Thus Westall introduces his book of war-time memories. After the publication of Machine Gunners, hundreds of letters poured in from men and women who had been children during the War and had their own hair-raising adventures to share.
Stories range from how families built their own bomb shelters, to how they stretched their food budget (many through black market purchases), to how kids spent their free time looking for spies or searching through downed planes for war souvenirs. The prevailing emotion of the anecdotes is not fear, but a great sense of adventure. For many of these children the war was a time of much freedom, (Many schools were closed and parents were too worried or too busy surviving to police them.).
Westall knows that memory can be selective and that events can take on larger-than-life proportions with time. So he refers to these stories as "war myths." For every one story that is a hundred percent true, there are probably five that have been wildly exaggerated. But who can verify the facts now? Nevertheless many of the memories match up with events recorded in other books I've read such as London 1945 and The Children's War.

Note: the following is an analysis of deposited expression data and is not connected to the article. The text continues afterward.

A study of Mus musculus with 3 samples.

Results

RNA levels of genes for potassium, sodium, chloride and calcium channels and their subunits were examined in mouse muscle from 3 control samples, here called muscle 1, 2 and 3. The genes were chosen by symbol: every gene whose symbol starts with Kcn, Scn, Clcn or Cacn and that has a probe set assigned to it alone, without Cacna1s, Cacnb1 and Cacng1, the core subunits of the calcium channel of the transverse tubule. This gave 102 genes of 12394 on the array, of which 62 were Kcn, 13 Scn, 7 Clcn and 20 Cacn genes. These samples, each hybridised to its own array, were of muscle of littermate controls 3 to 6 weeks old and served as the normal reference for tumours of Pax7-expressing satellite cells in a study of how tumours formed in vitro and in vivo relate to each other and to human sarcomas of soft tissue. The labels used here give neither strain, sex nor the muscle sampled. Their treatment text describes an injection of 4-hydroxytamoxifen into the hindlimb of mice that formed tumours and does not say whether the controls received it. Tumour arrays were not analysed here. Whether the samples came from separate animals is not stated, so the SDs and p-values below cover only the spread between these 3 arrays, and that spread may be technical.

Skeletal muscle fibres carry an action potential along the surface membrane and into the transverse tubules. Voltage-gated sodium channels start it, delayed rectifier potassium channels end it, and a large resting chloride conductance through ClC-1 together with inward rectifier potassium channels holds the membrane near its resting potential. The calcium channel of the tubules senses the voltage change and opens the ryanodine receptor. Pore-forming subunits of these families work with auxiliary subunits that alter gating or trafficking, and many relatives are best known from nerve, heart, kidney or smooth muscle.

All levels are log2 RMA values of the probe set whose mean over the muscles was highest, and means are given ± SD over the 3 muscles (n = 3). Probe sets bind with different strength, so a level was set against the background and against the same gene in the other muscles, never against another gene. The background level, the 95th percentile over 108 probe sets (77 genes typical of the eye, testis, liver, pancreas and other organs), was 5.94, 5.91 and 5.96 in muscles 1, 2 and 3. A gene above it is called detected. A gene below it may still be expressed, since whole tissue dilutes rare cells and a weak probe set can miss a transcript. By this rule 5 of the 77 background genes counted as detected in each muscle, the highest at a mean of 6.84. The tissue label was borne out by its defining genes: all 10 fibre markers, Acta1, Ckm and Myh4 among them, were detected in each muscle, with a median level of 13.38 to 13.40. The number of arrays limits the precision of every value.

I especially enjoyed the stories of POWs since I recently read Morpurgo's Little Manfred, a story of a British family befriending a German prisoner after the War. In Westall's book, a fourteen year old boy recalls: I remember practicing the piano one afternoon and seeing a German POW, who was engaged in hedge-cutting for the local farmer, spending a long time on the [bush]immediately in front of our house. When we got into a conversation with him, it turned out he had been a cathedral organist in Germany and he was delighted to listen to anyone playing Bach, even a beginner like me..."
This is just one of many astounding stories that will delight lovers of war history, especially as it pertains to life on the homefront.